Home PublicationsData Innovators 5 Q’s for Tim Levy, CEO and Founder of Twyn

5 Q’s for Tim Levy, CEO and Founder of Twyn

by Ayesha Bhatti

The Center for Data Innovation spoke with Tim Levy, CEO and founder of Twyn, a communications platform that enables world-leading talent within sports, music, and entertainment to redefine how they tell great stories and connect to users, intimately, at scale. Levy discussed building trust around generative AI, partnering with the British entertainer Derren Brown, and how the UK might achieve its “AI superpower” status through the British entertainment industry.

Ayesha Bhatti: Can you explain how Twyn works?

Tim Levy: Our generative AI-enabled technology enables users to have one-on-one conversations with their favourite athletes, actors, and artists in a manner that is truly authentic and feels the same as using Facetime to speak with friends or family.

We only use pre-recorded content that we film with talent. This helps alleviate the trust issues associated with generative AI as we don’t machine-generate uncontrolled and unpredictable content like other platforms. The AI selects answers from the most relevant content to seamlessly facilitate “real-time” conversation, meaning everything you see and hear is original.

The technology is unique because we’re providing talent with a brand-new, risk-free, and authentic avenue to digitally scale themselves and connect with users all over the world. We’re offering users access to interactive storytelling experiences never seen before.

Bhatti: I notice you have partnerships with the likes of illusionist Derren Brown and professional surfer Jamie O’Brien. Could you talk more about how these came about and why they’re such great use cases for Twyn?

Levy: We want to give users access to some of the most interesting and recognised figures in the world, and Derren and Jamie are both great partnerships for Twyn. We’re giving users the opportunity to hear first-hand from Derren Brown what it feels like to fool the world and from Jamie O’Brien what it feels like to surf a championship-winning wave.

So far, the representatives we have been in contact with have been enthused by our ability to support their commercial interests while also giving their global fanbase an authentic account of who they are beyond what users see on television or read online and on social media.

Bhatti: What are your thoughts on the attitudes the entertainment industry has towards AI?

Levy: Currently there’s a significant lack of trust in generative AI, which is limiting its uptake and hindering its potential.

We’ve all seen the high-profile cases of deepfakes of some of the world’s most famous people, such as Taylor Swift and Joe Biden. Unfortunately, this has severely damaged the trust that talent and their agents have in AI technology. Concerns about job replacement that resulted in the writers’ and actors’ strikes have also damaged trust throughout the industry.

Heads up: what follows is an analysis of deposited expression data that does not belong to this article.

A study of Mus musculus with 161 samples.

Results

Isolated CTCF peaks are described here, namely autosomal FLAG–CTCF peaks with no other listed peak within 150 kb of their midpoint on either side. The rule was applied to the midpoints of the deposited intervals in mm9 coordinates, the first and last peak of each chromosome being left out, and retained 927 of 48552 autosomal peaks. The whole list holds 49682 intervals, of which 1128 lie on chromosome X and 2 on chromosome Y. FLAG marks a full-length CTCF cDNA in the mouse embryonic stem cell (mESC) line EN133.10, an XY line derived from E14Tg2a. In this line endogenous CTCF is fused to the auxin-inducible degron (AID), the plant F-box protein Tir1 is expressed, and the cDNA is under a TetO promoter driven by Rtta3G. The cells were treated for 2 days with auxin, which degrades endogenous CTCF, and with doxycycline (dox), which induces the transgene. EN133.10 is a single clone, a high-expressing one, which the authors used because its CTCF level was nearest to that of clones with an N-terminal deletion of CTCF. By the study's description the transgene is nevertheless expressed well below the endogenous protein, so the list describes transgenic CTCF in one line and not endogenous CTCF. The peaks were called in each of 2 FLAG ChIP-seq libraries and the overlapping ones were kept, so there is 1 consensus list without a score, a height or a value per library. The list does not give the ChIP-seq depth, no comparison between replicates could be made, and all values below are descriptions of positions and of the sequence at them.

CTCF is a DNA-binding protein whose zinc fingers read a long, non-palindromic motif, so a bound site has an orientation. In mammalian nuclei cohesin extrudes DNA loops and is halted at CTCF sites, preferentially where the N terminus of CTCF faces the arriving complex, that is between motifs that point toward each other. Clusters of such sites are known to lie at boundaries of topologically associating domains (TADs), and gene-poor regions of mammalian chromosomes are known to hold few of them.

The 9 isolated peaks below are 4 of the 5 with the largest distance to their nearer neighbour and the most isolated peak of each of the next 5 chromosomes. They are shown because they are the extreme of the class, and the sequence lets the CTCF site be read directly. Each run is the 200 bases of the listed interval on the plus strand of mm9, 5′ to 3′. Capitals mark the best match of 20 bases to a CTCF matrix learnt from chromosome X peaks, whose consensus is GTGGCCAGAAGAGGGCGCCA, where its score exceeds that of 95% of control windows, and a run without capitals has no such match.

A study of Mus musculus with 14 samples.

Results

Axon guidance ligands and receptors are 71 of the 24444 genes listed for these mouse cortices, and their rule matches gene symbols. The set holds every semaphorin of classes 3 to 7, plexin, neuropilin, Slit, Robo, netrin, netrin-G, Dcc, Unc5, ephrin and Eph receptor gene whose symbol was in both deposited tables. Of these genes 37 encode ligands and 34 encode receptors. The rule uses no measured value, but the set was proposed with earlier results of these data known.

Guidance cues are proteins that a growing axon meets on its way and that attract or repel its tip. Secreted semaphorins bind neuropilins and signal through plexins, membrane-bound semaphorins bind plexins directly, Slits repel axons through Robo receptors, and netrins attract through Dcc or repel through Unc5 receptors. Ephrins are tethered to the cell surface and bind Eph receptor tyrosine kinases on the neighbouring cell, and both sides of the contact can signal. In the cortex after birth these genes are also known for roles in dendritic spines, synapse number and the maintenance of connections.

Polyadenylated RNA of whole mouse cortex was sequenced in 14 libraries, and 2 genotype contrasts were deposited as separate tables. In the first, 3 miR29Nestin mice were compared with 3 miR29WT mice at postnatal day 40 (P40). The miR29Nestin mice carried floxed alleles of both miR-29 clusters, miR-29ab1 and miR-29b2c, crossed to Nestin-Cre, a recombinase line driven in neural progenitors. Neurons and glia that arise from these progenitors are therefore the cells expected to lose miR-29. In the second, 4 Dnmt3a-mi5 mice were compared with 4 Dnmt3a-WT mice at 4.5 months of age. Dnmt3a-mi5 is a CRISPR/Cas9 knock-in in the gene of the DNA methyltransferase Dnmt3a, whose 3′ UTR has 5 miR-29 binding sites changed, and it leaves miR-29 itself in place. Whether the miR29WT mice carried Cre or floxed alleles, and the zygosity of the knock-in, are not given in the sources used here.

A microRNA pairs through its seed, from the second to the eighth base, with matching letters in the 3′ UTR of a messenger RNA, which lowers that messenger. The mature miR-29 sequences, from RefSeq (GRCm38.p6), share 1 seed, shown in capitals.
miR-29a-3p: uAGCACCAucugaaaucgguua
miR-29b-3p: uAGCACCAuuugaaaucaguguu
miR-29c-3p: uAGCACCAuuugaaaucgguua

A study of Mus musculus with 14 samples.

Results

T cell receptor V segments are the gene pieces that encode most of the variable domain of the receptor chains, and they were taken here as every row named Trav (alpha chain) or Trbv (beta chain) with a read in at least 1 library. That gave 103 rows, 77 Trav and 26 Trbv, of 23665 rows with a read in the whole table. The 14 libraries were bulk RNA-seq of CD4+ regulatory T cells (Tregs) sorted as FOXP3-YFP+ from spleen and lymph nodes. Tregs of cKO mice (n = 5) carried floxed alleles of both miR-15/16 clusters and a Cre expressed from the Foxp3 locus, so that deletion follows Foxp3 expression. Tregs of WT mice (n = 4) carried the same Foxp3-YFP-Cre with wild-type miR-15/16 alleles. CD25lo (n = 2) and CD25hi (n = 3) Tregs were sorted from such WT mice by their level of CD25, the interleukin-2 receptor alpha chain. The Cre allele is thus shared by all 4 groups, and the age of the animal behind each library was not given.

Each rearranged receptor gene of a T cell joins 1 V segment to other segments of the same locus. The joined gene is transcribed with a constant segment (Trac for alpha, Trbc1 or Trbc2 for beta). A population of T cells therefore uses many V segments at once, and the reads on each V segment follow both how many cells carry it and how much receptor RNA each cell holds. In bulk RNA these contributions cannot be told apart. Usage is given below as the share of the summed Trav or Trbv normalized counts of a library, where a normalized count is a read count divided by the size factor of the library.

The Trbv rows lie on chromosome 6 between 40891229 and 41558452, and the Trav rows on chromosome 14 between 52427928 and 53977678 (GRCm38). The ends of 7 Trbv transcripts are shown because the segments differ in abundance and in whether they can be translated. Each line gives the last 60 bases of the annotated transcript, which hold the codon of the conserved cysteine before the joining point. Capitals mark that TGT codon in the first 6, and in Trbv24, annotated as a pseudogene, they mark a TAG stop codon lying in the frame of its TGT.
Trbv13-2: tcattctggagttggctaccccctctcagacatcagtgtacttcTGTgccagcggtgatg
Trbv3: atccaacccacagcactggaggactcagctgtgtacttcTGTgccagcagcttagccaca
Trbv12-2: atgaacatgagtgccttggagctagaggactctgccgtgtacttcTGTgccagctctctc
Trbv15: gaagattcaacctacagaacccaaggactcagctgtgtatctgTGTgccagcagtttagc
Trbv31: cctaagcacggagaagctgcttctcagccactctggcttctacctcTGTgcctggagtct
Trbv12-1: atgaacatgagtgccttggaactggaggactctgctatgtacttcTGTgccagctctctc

Scepticism surrounding the technology often stems from people failing to differentiate between generated content and original content. We need to educate stakeholders, including actors, artists, and agents, that generative AI can enhance authentic, original content, not just generate machine-based content.

We’ve made a considerable effort to assure the talent we work with that our use of generative AI simply enhances the content of them that they have already pre-authorised. We want to prove to the industry that generative AI can be rolled out in entertainment responsibly to provide controllable, scalable, and engaging content. But it also needs a more cohesive push from industry stakeholders to build trust.

Bhatti: What benefits does generative AI pose to both workers and consumers in the entertainment industry?

Levy: Generative AI can completely reshape the storytelling experience, opening up new commercial and job opportunities.

Talent can digitally scale themselves and deliver hyper-personalised, interactive content to audiences anywhere across the globe. This enables them to build their brand or promote a project or initiative from just a few hours of pre-recorded content.

Production studios can also leverage these interactive, real-time experiences by allowing fans to chat with actors or artists about an upcoming album or movie. Not only does this save time and money on marketing costs – it could completely transform the traditional build-up to a new release.

Generative AI also offers consumers the most authentic way to ever engage with celebrities without directly speaking with them. It surpasses what platforms like Instagram or TikTok have achieved, and the experience is so seamless that the AI quickly becomes an afterthought.

Bhatti: Where do you think AI-enabled media is going in the next five years?

Levy: I hope that the technology can become more widely adopted in a responsible way, because its potential is huge.

Of course, reputational issues and fears of job replacement are central to the trust, particularly in the States and in Hollywood.

The UK is in a great position to take the lead in generative AI. We proactively took charge in setting AI standards, we have a wealth of leading universities, research centres, and R&D investment, and we have a thriving entertainment sector, which is renowned for producing world-class content. The UK government wants the nation to become an “AI superpower,” and generative AI provides a great opportunity for it to get a jump on the United States in AI-enabled content.

On a global scale, we need to raise awareness of generative AI’s vast benefits for the media and entertainment industry to support de-risk and incentivise investment in AI. Then, moving forward, we need tailored regulations or guidelines to set a framework for continued safety standards to ensure the tech is used responsibly.